Chapter 7: “The Empire of the White Man’s Will”
Manure may be a homely subject, but on its preparation and use every thing is depending. Without it, the deep green of our pastures, the golden yellow of our corn-fields, and thfine beef and white loaf of our tables, could not exist.
The American Cotton Planter
Throughout the antebellum period, the Lower Mississippi Valley, declared by its chroniclers to be the richest agricultural region in the world, imported most of the wheat, corn, beef, and pork its residents required to live from the Mid-West and Ohio Valley. It was an entire economy devoted to agriculture, and it could not feed itself. Cotton, it was said by one planter, was “so much more profitable than other kinds of cultivation,” that planters supplied themselves “almost entirely from the upper country.” There were, scattered amongst the many plantation owners who planted nothing but cotton, a few planters who tried to diversify their crops, usually with corn. Corn would provide feed for livestock, who could in turn reduce Southern planters’ dependence upon imported foodstuffs—a concern that became particularly pressing during the Depression of 1837, when a sharp drop in the price of cotton made imported food appear even more dear. “We were driven by necessity to break our intolerable bondage to the grain growing states, and raise within ourselves what was necessary for our own consumption,” wrote one Hinds County planter in what most would have regarded as a too-optimistic assessment of the potential of the plantations in the Mississippi Valley to feed their owners.
Planters who valued self-sufficiency used corn to feed the cattle and pigs they hoped would reduce their reliance upon imported foodstuffs. Cattle and pigs were marked with patterns cut into their ears or brands on the flank, turned out into the woods, swamps, and roadways to forage for feed. In the autumn, Charles Ball remembered, “Neither the hogs nor the cattle required any feeding at our hands. The woods were full of nuts and the grass was abundant.” Hogs were generally driven in from the woods to be slaughtered after the cotton had been shipped, but while it was still cold enough to preserve their flesh while it was processed into meat. “Each carcass is cut into six parts,” explained Solomon Northup, “and piled one above the other in salt, upon large table in the smoke-house. In this condition it remains a fortnight, when it is hung up, and a fire built, and continued more than half the time during the remainder of the year.” “This smoking,” he continued, “is necessary to prevent the bacon from becoming infested with worms.” For planters this feral economy—forage to flesh to meat and milk—had the advantage of providing protein at the cost of little extra labor: the cows and pigs themselves did much of the work of converting nature to the service of the cotton economy (as well as, in many cases, the bounty of the public domain into the benefit of private consumption).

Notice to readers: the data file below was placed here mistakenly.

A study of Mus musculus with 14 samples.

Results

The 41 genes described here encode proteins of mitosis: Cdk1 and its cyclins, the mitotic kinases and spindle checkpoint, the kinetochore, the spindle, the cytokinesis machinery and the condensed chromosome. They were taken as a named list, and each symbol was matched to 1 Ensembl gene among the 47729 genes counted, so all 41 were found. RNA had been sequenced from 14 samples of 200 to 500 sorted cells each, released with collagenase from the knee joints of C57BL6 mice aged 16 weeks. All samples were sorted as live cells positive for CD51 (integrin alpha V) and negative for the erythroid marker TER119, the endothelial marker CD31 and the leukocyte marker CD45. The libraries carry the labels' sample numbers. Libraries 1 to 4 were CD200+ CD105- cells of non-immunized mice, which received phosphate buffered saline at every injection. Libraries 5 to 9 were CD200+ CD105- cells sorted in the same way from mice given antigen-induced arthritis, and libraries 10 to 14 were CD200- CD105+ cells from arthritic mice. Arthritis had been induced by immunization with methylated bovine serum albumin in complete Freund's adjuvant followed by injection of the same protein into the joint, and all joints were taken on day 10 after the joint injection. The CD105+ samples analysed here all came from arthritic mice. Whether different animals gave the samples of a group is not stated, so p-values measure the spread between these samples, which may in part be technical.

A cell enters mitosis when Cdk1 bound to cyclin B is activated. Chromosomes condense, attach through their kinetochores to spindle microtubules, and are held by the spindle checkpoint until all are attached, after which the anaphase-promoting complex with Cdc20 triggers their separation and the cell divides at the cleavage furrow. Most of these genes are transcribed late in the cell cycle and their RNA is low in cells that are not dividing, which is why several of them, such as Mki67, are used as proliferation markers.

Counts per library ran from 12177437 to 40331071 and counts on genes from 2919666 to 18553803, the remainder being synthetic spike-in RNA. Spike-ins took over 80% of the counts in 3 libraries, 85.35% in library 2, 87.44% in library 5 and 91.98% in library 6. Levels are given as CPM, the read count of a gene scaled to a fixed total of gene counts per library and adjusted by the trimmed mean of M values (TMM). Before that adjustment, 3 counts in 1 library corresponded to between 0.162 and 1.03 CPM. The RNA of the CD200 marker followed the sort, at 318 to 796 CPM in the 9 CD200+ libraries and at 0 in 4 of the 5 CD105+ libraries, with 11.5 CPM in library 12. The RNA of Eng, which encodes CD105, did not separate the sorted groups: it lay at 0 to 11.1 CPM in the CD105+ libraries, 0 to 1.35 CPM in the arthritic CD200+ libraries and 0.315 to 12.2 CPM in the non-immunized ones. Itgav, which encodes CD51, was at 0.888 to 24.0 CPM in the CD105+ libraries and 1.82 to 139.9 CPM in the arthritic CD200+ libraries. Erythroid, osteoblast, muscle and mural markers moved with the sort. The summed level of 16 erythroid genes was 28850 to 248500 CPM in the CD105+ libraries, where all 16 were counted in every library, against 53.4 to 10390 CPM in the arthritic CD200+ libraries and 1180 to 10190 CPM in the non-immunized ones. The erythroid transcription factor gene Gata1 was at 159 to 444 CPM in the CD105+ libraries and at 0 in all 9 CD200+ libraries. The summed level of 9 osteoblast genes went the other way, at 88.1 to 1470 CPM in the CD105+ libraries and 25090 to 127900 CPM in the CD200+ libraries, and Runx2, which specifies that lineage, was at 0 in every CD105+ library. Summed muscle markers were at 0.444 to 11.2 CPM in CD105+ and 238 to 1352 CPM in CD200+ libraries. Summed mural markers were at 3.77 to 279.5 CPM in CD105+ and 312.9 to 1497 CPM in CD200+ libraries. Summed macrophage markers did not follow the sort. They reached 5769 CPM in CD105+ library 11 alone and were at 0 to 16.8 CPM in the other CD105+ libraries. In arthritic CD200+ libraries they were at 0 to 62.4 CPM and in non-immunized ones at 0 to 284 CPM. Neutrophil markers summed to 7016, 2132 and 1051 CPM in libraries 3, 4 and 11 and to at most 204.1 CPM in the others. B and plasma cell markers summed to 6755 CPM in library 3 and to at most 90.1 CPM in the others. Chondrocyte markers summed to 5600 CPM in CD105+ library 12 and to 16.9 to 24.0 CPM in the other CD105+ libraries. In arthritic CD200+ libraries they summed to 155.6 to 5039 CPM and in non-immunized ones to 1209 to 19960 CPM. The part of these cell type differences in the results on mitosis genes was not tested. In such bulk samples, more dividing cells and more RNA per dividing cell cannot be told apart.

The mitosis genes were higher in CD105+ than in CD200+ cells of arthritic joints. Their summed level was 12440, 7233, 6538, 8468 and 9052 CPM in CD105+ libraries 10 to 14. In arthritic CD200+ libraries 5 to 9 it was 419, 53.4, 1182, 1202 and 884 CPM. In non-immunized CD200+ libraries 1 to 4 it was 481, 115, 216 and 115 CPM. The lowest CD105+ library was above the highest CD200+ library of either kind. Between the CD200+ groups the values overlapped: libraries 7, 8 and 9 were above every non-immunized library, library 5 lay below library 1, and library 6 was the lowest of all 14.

There were, however, well-known limits to stock-raising in the agro-capitalist ecology of “the Cotton Kingdom.” Like corn, livestock drew upon the same land and labor as cotton. The energy of each sector of earth could be converted to stock or staple, but not both; the labor of each hand had to be committed to raising either fodder or fabric. In an economy where both planting and productivity were measured by a calculation of bales per hand per acre, allocation of either land or labor away from cotton and towards corn, cattle or hogs represented an unaccountable loss in the minds of cotton-crazed planters. Or at least an unaccounted loss, suggested one planter in observing that “large plantations” were not suited for the raising of pigs, “for it is found to be almost impossible to prevent the Negroes stealing and roasting young pigs.” And so planters throughout the Mississippi Valley (and elsewhere in “the Cotton Kingdom”) imported food in order to export cotton throughout the antebellum period.